CPJ is honored to present its 2017 International Press Freedom Award to Mexican journalist Patricia Mayorga.
Patricia Mayorga is a correspondent for Proceso, a news magazine based in Mexico City. Her reporting includes stories on forced disappearances of indigenous people in Mexico, and alleged links between the ruling Institutional Revolutionary Party (PRI) and organized crime. She is also a founding member of the Red Libre Periodismo (Free Journalism Network), a collective that provides professional support, networking, and ethics training for young journalists in Chihuahua state.
Mayorga began working as a journalist in 2000, covering topics such as health and education. Later, she began focusing on human rights issues affecting Chihuahua residents, including government corruption and violence and the killing of women in Juárez. Earlier in Mayorga’s career, she reported for the daily El Heraldo. She has also contributed to the Ciudad Juárez-based daily El Diario and other regional and national publications.
In March 2017, another Mexican journalist, Miroslava Breach Velducea, was shot eight times and died on the way to the hospital. Breach covered politics and crime, among other subjects in Chihuahua. A note found at the crime scene read, “For being a snitch. You’re next, governor. –The 80.” Police say The 80 is the leader of a criminal gang associated with an organized crime syndicate.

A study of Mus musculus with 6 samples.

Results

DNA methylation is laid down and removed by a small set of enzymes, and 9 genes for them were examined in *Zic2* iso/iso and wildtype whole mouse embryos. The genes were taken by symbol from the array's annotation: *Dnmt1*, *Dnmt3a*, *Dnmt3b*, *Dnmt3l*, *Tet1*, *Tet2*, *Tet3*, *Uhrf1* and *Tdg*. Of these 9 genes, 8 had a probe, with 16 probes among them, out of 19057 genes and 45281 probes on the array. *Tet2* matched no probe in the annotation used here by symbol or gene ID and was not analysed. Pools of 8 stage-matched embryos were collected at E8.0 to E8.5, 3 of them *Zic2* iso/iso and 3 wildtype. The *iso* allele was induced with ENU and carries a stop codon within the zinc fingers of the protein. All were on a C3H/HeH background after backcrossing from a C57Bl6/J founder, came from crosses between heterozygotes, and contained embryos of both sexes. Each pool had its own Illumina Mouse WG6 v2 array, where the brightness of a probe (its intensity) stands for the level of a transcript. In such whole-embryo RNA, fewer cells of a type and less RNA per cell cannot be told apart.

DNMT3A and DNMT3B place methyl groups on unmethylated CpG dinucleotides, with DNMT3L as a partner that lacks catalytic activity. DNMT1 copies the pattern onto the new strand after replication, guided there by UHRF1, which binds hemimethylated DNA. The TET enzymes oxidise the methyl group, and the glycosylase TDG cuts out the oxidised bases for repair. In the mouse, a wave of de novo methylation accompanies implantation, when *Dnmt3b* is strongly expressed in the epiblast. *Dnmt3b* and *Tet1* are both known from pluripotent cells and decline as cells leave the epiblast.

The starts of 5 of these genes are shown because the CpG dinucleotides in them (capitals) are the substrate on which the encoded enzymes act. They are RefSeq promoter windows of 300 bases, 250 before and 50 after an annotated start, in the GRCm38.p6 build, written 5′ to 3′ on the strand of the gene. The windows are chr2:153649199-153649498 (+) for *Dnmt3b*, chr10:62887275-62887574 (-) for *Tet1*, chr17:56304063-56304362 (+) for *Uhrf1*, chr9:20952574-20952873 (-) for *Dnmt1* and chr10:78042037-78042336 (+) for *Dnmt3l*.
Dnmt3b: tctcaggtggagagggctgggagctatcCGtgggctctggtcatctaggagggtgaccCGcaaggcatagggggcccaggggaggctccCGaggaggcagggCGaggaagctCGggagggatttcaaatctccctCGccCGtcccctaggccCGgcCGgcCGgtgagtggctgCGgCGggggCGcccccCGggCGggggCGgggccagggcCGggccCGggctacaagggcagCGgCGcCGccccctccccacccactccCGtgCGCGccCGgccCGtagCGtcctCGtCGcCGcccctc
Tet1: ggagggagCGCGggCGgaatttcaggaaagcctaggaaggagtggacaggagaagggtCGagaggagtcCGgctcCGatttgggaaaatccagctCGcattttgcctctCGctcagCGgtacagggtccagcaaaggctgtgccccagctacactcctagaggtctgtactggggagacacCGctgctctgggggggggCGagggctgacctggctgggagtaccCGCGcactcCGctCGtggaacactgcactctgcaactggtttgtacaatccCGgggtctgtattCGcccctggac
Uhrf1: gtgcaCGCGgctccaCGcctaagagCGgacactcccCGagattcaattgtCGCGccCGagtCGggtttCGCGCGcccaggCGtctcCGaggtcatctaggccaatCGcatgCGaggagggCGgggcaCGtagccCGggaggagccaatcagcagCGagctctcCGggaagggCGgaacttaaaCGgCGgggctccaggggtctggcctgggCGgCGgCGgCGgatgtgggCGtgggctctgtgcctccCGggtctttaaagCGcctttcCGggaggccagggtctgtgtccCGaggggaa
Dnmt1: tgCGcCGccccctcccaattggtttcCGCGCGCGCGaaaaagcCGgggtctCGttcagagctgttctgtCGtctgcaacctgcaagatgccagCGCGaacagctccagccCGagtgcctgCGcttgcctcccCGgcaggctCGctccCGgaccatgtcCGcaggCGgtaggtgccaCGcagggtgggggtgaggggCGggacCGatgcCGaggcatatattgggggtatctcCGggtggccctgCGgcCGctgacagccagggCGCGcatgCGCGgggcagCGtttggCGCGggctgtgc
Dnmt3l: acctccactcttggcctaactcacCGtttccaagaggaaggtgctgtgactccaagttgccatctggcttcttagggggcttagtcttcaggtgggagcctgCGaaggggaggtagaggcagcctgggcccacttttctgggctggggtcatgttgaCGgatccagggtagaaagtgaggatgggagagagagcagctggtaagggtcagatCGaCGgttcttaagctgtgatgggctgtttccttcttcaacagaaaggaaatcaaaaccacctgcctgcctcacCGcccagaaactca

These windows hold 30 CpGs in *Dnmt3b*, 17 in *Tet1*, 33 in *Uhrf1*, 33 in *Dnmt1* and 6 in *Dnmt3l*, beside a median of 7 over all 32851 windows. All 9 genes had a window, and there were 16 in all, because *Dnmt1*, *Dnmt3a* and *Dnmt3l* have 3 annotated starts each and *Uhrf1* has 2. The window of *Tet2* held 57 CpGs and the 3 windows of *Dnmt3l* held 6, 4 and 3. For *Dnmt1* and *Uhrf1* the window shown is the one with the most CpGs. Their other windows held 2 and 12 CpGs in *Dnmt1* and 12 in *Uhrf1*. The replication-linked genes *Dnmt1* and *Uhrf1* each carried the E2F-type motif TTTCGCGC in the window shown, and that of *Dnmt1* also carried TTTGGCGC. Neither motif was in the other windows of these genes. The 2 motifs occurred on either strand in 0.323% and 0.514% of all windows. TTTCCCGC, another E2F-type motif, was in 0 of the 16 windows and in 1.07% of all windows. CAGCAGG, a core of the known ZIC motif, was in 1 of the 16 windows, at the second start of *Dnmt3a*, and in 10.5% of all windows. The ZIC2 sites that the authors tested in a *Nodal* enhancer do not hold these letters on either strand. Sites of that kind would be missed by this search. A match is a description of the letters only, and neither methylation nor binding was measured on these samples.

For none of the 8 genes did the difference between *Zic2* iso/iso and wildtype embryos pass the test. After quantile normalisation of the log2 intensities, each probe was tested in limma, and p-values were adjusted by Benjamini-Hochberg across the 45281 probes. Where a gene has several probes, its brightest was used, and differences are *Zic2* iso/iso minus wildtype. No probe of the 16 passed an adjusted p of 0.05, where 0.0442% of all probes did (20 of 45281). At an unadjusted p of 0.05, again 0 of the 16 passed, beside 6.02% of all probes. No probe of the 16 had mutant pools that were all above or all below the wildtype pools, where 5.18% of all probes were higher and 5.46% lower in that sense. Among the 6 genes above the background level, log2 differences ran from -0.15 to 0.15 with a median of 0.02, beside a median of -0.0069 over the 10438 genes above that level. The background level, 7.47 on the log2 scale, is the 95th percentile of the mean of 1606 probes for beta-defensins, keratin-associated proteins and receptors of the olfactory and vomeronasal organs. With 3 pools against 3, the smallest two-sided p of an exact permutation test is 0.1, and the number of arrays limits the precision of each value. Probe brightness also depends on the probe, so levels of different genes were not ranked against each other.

Mayorga had received similar threatening messages and said she feared for her life after Breach’s murder. She fled Chihuahua state with CPJ assistance. The state been a focal point of violent crime for more than a decade, with the Sierra Tarahumara region, which is home to a large indigenous population, one of its most violent regions.
At least four journalists have been murdered in Mexico in direct retaliation to their work in 2017, according to CPJ research. CPJ is investigating the motive behind the killing of two other journalists and the disappearance of a sixth. On May 15, acclaimed investigative journalist Javier Valdez Cárdenas was shot dead in Culiacán, in the northern Mexican state of Sinaloa. Valdez, CPJ’s 2011 International Press Freedom Award winner, covered drug trafficking and crime and wrote a number of books about the drug trade.
A little under two weeks before Valdez was murdered, a CPJ delegation met with President Enrique Peña Nieto, who said his government was committed to following up on investigations into attacks on the press and pledged to prioritize combating impunity in the murders of journalists for the remainder of his term. He said the safety and protection of journalists would also be a priority and guaranteed to continue funding a federal protection mechanism. The meeting was part of a mission to Mexico to launch a special report called “No Excuse: Mexico must break cycle of impunity in journalists’ murders.”